E-mail may be key to electronic democracy

Lowly e-mail may be the key to creating an "interactive public commons" necessary to make electronic democracy work, according to online election evangelist Steven Clift.

Clift, who is chairman of Minnesota E-Democracy (www.democracy.org), a nonprofit group that created the first election-oriented World Wide Web site in 1994, said e-mail forums, rather than Web-based discussions, were simpler and more effective. "You subscribe once and you're in -- unlike the Web, where you continually have to go to a site to stay informed or be heard."

At a Washington, D.C., meeting of the Center for Democracy and Technology and the Internet Education Foundation on Monday, Clift shared his views on electronic democracy, e-mail forums and Minnesota Gov. Jesse Ventura's use of the Internet. He also described the Minneapolis Issues Forum, a project launched in June 1998 that boasts more than 225 direct subscribers who discuss public issues.

Clift said there are only two rules about participating in the forum: Participants can contribute a maximum of twice each day, and they must sign postings with their real name. All content problems or questions of appropriate behavior fall under general guidelines, and users can be issued warnings if complaints are received or if they are not commenting on related topics, Clift said.

The Minneapolis site has sparked stories in the media that range from local issues to saving the region's area code to an explosion in the squirrel population. "Within two days of launching the site, city council members were reading posts at live meetings," Clift said. The site also prompted "one of the first protests in years," when a number of citizens got together after posting about an issue through the forum.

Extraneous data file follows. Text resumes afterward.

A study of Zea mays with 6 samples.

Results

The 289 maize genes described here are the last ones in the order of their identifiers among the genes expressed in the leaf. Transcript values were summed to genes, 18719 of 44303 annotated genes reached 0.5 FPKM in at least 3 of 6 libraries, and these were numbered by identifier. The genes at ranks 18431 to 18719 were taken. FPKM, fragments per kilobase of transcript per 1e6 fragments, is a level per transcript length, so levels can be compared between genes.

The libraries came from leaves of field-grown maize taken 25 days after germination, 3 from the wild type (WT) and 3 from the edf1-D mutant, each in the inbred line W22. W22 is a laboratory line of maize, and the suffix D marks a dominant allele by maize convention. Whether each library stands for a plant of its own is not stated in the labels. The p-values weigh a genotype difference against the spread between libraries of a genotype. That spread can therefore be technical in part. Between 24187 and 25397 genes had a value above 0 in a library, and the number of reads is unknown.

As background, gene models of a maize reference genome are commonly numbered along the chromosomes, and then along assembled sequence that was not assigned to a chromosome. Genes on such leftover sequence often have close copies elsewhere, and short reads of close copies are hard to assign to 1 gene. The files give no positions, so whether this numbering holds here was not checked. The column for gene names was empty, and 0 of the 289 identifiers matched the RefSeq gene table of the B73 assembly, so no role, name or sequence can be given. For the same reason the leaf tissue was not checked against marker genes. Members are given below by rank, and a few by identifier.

Clift also discussed Minnesota Gov. Jesse Ventura's use of the Internet in his campaign, where the Reform Party candidate effectively used the Internet as his field operation. Ventura maintains two separate sites, the official governor's site and a more personal one where constituents can subscribe. The sites are part of the JesseNet project.

"Jesse Ventura did not win because of the Internet, but he could not have won without it," Clift said.

Ventura used the Web to organize rallies during a van trip through the state by contacting supporters in cities where he did not have a formal base. Through directions given online about forming a rally, 75 to 100 people were organized within three hours and waiting in the next town, Clift said.

Another project Clift addressed was the recently formed Iowa Caucuses online, a discussion forum for caucus attendees to discuss and share candidate information and issues before the presidential caucuses. That project will be followed in September by an Iowa E-Democracy forum modeled after the original in Minnesota.

Clift has seen e-mail forum participants alter their personal views on a subject after a few months of discussion and debate. "Online interaction is very contrarian," he said. "People generally reply to what they disagree with," he said.

"Sometimes it takes two or three months of participation for someone to appreciate its value and question the positions they hold. The media shows two side to a debate, but online there are three and four...it's so different."